A blood clot can save the day and stop the bleeding when things like a paper cut or shaving accidents happen, but a blood clot can also be a dangerous health concern that can turn deadly.
Blood clots happen for several reasons and knowing the symptoms of one can literally save your life. Eat This, Not That! Health spoke with experts who explain what to know about a blood clot and signs you have one.
As always, please consult with your physician for medical advice.
How Blood Clots Happen?
Thomas Gut, D.O., Associate Chair of Medicine at Staten Island University Hospital tells us, “Blood clots occur when a perfect storm occurs within a blood vessel. Classically, it happens when blood vessel damage and activation of the clotting mechanism occurs in an area where blood isn’t moving well.”
Sean Marchese, MS, RN, a registered nurse at The Mesothelioma Center with a background in oncology clinical trials and over 15 years of direct patient care experience adds, “Blood clots typically form when the body senses an injury to an area and will form a natural plug using platelets to stop the bleeding.
However, certain disorders with clotting factors can make blood clots when they’re not needed. Autoimmune diseases, cancer, infections and organ failures can all interfere with the delicate clotting cascade and create blood clots that damage the body.”
How Can COVID Cause Blood Clots?
Dr. Gut explains, “COVID infection has been shown to increase the risk of blood clot formation especially within the first two weeks of infection.”
Marchese says, “Researchers believe that COVID causes blood clots due to the high levels of inflammation associated with the disease. As the virus aggravates areas throughout the body, antibodies form, accumulating in tight spaces and stimulating blood clot production.”
Who is at Risk For Blood Clots?
Dr. Gut states, “Generally, people that have had clots previously, cancers, immobilization, are elderly, or are critically sick will have the greatest risk of clotting.”
Marchese explains, “People with chronic conditions such as coronary artery disease, diabetes, hypertension and metabolism disorders are at higher risk for blood clots.
You may also clot more frequently if you’re over 65, take certain hormones or had a previous blood clot. Some ways to prevent blood clots include wearing loose-fitting clothes, walking, eating less salt, and raising your feet at night.”
When Should You See a Doctor?
Dr. Gut says, “If you notice swelling or tightness in an arm or a leg, you should notify your doctor.”
Marchese tells us, “If you notice new swelling in your arms or legs, areas of redness or pain, or temperature changes in one extremity, you should see a doctor immediately.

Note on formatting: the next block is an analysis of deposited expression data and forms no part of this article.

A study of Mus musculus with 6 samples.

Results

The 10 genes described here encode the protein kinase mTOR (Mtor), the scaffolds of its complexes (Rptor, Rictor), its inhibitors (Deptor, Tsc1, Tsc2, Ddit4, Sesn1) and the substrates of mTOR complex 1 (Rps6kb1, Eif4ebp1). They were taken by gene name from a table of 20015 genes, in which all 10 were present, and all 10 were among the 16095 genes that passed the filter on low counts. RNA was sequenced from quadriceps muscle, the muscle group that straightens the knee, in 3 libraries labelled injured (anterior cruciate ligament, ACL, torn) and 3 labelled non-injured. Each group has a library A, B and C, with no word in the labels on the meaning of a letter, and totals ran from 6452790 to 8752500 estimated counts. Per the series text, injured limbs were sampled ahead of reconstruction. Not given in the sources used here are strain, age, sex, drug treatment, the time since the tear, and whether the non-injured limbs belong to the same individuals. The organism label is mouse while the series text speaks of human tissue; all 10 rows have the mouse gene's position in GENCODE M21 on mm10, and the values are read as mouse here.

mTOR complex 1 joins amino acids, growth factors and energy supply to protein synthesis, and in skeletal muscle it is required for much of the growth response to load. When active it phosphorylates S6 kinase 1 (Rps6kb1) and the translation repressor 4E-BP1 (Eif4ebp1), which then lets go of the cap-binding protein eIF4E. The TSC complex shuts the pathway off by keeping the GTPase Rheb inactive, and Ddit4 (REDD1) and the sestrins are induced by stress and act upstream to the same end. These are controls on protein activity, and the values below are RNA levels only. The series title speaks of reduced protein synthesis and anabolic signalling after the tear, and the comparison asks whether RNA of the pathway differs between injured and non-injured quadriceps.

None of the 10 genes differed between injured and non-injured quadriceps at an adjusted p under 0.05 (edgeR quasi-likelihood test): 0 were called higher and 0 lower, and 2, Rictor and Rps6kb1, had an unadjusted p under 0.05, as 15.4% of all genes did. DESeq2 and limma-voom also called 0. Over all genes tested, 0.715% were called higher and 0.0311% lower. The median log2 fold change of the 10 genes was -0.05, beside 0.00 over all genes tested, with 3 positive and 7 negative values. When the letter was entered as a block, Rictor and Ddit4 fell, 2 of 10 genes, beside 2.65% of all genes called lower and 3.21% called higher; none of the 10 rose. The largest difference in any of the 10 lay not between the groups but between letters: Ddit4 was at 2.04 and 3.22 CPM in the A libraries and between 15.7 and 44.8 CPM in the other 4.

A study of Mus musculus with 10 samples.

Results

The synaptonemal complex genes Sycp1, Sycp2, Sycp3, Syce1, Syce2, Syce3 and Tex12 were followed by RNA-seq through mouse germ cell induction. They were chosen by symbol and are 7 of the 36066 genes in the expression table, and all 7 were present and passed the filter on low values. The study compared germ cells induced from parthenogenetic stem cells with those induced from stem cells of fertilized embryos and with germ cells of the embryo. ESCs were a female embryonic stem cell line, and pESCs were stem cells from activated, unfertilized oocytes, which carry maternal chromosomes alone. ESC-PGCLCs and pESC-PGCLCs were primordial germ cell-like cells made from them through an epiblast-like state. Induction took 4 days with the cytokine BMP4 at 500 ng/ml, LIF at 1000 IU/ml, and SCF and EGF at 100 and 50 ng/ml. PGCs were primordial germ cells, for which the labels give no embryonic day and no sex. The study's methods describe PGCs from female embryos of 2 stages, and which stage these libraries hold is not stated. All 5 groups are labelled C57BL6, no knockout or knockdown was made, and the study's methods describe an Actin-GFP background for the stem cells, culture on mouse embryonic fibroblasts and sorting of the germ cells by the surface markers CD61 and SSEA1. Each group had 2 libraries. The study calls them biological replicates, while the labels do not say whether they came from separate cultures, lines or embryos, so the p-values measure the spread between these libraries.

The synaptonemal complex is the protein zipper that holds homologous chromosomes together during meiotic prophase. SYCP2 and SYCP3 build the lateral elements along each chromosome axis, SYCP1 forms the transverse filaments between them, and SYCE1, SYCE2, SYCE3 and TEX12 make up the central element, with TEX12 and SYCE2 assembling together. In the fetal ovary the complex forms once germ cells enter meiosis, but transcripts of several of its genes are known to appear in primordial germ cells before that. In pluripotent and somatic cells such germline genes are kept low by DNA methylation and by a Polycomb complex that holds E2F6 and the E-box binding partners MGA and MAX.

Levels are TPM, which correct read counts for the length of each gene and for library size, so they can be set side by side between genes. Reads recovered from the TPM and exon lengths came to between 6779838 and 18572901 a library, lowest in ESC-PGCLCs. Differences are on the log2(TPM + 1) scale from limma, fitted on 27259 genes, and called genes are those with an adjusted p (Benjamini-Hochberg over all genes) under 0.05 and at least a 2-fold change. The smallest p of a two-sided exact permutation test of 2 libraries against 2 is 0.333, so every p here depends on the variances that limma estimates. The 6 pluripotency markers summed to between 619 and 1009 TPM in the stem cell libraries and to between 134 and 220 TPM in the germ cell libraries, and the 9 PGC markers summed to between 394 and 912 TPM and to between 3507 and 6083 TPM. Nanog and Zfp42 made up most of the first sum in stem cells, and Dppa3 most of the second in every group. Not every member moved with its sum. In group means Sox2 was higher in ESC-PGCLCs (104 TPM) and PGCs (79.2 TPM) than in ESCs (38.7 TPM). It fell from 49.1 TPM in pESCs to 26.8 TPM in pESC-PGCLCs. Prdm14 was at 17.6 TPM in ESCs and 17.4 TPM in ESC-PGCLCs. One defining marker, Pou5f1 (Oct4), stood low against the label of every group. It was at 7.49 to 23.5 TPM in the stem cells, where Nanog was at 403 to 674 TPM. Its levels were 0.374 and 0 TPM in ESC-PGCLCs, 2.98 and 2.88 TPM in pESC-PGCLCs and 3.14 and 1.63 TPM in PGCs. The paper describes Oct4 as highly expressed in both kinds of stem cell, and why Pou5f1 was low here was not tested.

Rapid treatment is critical. Blood clots can travel quickly from the extremities to the heart or brain, causing a heart attack or stroke.”
Sudden Shortness of Breath
According to Dr. Gut, “This can be a sign that a blot clot has formed or travels to your lungs. A clot in the lungs can put tremendous strain on the cardiovascular system and can even result in heart failure.”
Cramping and Swelling of a Thigh After a Long Car Ride
Dr. Gut says, “If one of your thighs is cramping and swelling after a long car ride, this can be a sign that a clot has formed in your leg, especially if blood has pooled and hasn’t circulated well.”
Coughing up Blood
Dr. Gut warns, “Coughing up blood can be a sign that the pressure increase inside your lungs from a traveling clot has caused blood vessels to burst. This should prompt emergency attention.”
Marchese reveals, “One of the most common locations for blood clots to travel is the lungs. The bronchioles are small airways that help exchange air and can easily trap blood clots, called pulmonary embolism.
If you become short of breath without exercise or have an unexplained and consistent cough without signs of infection, see a doctor as soon as possible.”
Chest Pain or Changes in Heart Rate
Marchese says, “A blood clot that travels to the heart can become lodged in the sensitive tissues that control heart rate. When a blood clot travels to the heart, it’s usually accompanied by severe chest pain or trouble breathing.
If you notice new chest pain, shoulder or arm pain, difficulty breathing or unexpected changes in heart rate, seek medical care immediately.”
Pain or Redness
Marchese shares, “The hallmark sign of a blood clot is having symptoms in one extremity, not the other. For example, the right leg may have an area of redness, pain or swelling that is not present on the left leg. This sign should be taken seriously and investigated by a healthcare professional as soon as possible.”